This little girl is one of my new Non-BJD dolls. It all started with a gift. One of my customers collects dolls as well and she gave me a head without a body and two blank face plates. She said she didn’t need them and thought I could use them. The head came with rather matted hair that looked like she had tried to cut it, and the eye mechanism didn’t work.
I said thank you and put them in a box. And almost forgot about them. I knew nothing about these dolls, how to assemble them, what kind of bodies they need or even what skin color they are. But since my shop is still closed thanks to the partial lockdown I have time to work on things I put aside for years. So I dug up the box and tried to figure out what I would need to turn them into complete dolls.
I searched Youtube and found BeBedolls, a channel with all the information I needed to set to work. After hours and hours I spent watching Casie’s videos about Blythe customization, assembly and eye mech problems I felt confident enough to try to fix the mechanism, buy bodies and all necessary parts to turn them into dolls. Especially the videos about the eye mech problems were extremely helpful. If you think sticking eyes with putty into a BJD head is difficult you have never tried to fix a Blythe eye mechanism ;). But with Casie’s help and lots of pictures to remember what goes were I finally succeeded.
Betty is the first I finished. I carved her, painted her, fixed her eyes and made eye chips using my templates. I will probably exchange the glass eyes with resin ones and make better print outs of the iris templates – these are just inkjet on normal paper. I gave her the full eye-treatment, gaze lift and lids. She missed a T-bar, and I ended up using a piece of a sturdy plastic cable binder as a replacement. I have ordered a couple of eye mechanisms for the face plates and one spare, but since her mech works just fine now I will probably just change it if that changes. She has a nice new scalp with wig and a Pure Neemo S body, and I decided to call her Betty. She somehow reminds me of Betty Boop. I really like how she turned out.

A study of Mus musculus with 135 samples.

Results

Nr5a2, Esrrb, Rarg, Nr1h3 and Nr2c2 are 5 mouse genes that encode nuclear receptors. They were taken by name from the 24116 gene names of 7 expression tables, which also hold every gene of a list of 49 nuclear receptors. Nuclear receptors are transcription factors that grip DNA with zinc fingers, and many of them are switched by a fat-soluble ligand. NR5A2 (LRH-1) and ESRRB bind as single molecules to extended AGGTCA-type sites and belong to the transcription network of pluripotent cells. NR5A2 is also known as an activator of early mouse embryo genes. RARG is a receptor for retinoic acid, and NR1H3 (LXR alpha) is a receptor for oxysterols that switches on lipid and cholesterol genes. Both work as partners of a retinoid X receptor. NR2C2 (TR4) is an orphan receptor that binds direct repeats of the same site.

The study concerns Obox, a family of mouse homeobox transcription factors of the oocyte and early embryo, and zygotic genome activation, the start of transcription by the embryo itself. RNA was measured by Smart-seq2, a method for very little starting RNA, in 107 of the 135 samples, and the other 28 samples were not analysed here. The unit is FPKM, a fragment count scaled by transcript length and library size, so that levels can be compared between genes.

I never realised you hadn’t a Blythe doll in your collection. I began mine with Blythe dolls, but I’ve sold most of them now. They certainly are fun to customise though and I think that’s why they have such a big following. You have done a great job of bringing your head to life, and I see her Betty Boop resemblance, now I wonder what you have in store for the spare faces. 🙂
The Non-BJD dolls are all recent additions- parts in a box don’t really count ;). Up until this year I had one Barbie, all other dolls were BJD.. Are your Blythes on your blog? I will go and look for them. They are fun, not just the painting but the carving as well. I am not sure yet what I will do with the other faces, but I’ve been making clothes for them like crazy.
She’s very Betty Boop indeed, and her wig is perfect for her. You did a great job! The prison photos are very funny! And she looks very cute in her prison attire. 😀
Thank you :). And the prison attire makes for good PJs as well. They are really fun to sew for.
To be truth I’m not into these dolls but your version is really wonderful. I wonder how would this head look on Barbie curvy body – it’s a bit bigger, so the proportions may be a little bit better. On the other hand it’s hard to speak about proportions in these dolls’ case. 😉
Anyway I love her face and her look. 🙂
I am not really either, and I wouldn’t have bought one. But now that I have them here I kind of like them. And I do like the bodies, I would probably even put a Barbie head on them. They allow loads of poses and have lots of additional hands. But I am sure a curvy Barbie body wouldn’t be so different in height and proportions.